White bread just became more healthy
We all know that wholemeal bread is healthier for us than white bread, but this might not be the case forever.
Researchers led by Rothamsted Research and the John Innes Centre have applied some of the health benefits of wholemeal bread into the taste and texture of white bread. The discovery comes from identifying the wheat genes involved in controlling dietary fibre content in flour. Knowing these genes means we can include them in the wheat we grow to make healthier bread.
“We knew that the white flour made from one particular Chinese wheat variety, Yumai 34, was unusually high in fibre,but it’s not well suited for growing in the European climate,” said Dr Alison Lovegrove from Rothamsted Research. “Using conventional breeding techniques, we crossed this high fibre trait into several other varieties. This allowed us to narrow down where in its genome the genes for high fibre are.”
To put the new flour to the test, Dr Lovegrove enlisted the help of local chef Jez Beasely to prepare and review a loaf.
Fibre in our diet is essential for health and healthy ageing yet many of us don’t eat enough.
For people in Western European countries, 40% of their fibre intake comes from cereals, such as wheat or barley, and often a large part of this is in the bread we eat. Wholegrain fibre in particular has been shown to have a number of health benefits including:
- lowering blood pressure and serum cholesterol
- improving insulin sensitivity (reducing the risk of cardiovascular disease and type 2 diabetes)
- reducing the incidence of certain types of cancer, notably bowel and breast cancers.
Yet despite these health benefits, many of us eat far less fibre than we perhaps should. The question is then, how can we encourage people to eat more dietary fibre to improve their health?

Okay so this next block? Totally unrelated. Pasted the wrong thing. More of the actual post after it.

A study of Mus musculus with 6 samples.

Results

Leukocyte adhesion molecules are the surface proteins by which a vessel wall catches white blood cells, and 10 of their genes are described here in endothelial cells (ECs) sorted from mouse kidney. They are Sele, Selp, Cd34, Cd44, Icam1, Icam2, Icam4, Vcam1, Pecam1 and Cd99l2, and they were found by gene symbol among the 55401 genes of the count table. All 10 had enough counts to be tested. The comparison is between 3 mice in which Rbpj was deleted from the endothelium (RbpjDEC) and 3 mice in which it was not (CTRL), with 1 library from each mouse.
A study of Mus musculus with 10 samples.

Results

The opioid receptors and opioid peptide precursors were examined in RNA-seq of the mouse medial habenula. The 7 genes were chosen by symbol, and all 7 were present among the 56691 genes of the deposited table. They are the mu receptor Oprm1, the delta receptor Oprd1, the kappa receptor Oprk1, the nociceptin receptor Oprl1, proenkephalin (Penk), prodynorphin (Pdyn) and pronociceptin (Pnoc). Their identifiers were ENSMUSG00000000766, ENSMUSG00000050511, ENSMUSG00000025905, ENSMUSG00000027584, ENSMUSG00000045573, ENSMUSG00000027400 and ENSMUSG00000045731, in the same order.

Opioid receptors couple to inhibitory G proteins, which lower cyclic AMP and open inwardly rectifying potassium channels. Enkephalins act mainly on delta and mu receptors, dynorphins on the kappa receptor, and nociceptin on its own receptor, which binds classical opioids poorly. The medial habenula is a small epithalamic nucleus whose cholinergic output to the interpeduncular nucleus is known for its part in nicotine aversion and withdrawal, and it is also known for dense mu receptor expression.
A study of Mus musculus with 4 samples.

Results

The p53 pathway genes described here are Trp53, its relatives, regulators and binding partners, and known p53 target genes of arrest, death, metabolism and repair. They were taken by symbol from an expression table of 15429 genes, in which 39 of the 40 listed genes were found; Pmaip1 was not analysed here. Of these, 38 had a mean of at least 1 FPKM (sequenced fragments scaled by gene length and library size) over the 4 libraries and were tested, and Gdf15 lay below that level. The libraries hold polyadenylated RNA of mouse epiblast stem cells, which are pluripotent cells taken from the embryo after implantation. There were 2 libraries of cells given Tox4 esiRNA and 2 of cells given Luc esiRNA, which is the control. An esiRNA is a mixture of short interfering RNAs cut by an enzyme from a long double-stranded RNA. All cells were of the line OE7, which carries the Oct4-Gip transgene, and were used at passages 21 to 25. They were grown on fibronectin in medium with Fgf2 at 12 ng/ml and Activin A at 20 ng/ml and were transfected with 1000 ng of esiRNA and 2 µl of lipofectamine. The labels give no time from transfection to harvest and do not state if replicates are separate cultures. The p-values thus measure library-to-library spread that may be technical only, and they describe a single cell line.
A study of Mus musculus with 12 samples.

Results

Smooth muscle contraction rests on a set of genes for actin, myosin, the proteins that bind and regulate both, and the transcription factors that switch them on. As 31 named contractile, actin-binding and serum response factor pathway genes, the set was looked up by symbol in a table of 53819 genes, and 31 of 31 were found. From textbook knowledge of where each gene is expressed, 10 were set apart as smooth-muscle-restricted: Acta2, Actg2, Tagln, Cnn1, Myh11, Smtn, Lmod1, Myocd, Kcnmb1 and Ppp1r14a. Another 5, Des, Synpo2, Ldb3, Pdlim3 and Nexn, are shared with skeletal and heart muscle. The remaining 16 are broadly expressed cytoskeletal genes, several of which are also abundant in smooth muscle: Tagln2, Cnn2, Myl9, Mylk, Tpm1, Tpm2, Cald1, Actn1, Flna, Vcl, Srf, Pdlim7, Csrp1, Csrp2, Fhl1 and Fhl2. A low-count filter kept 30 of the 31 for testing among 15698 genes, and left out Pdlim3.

Why not just get everyone to eat brown bread?
The simple fact is that many people don’t want to.
In the UK, bread is an everyday part of our diet and around 80% of the population choose white bread. People often know the improved health benefits of wholemeal bread but they choose white bread for the taste and texture. If we could therefore improve the content of white bread, we’d improve the diets of many without forcing people to change their behaviour.
This discovery enables us to breed wheat that is healthier for people, without having to sacrifice all the parts that make us choose white bread. While the high fibre white bread isn’t quite as high in fibre as a wholemeal loaf, this new version contains around double the fibre of normal white bread.
Why couldn’t we do this before?
The key to improving any crop is to have a good idea of the traits you want and knowing what drives these in the plant’s genetics. The challenge is that we often don’t know what parts of the the plant’s DNA controls the way a plant grows and some traits like dietary cannot be selected by eye. This is particularly tricky in wheat where the genome is incredibly complex .
The researchers at Rothamsted Research and the John Innes Centre have discovered an area of the wheat genome that controls the dietary fibre in wheat flour. This allows them to make molecular markers to help breeders detect which wheat plants have these genes. From this, we can use traditional breeding approaches to bring these important traits into the wheat varieties farmers are growing in the field.
Dr Lovegrove said: “We hope to go on and identify further genes that increase fibre content, thereby providing plant breeders, millers and food producers with even more options.
The researcher paper explaining this in full can be found here.
Acknowledgement: We are grateful to Dr. Jacob Lage and colleagues at KWS UK Ltd for field trials and Mr. Mark Waples at Marks and Spencer Ltd both part of an Innovate UK programme that contributed to this work. 13TSB_N4L2CRD: High fibre wheat for healthier white bread. This study was a collaborative project with researchers from Rothamsted, the John Innes Centre and the University of Bristol in the UK – who are all part of the BBSRC funded Designing Future Wheat programme – along with colleagues in Hungary, France and Turkey.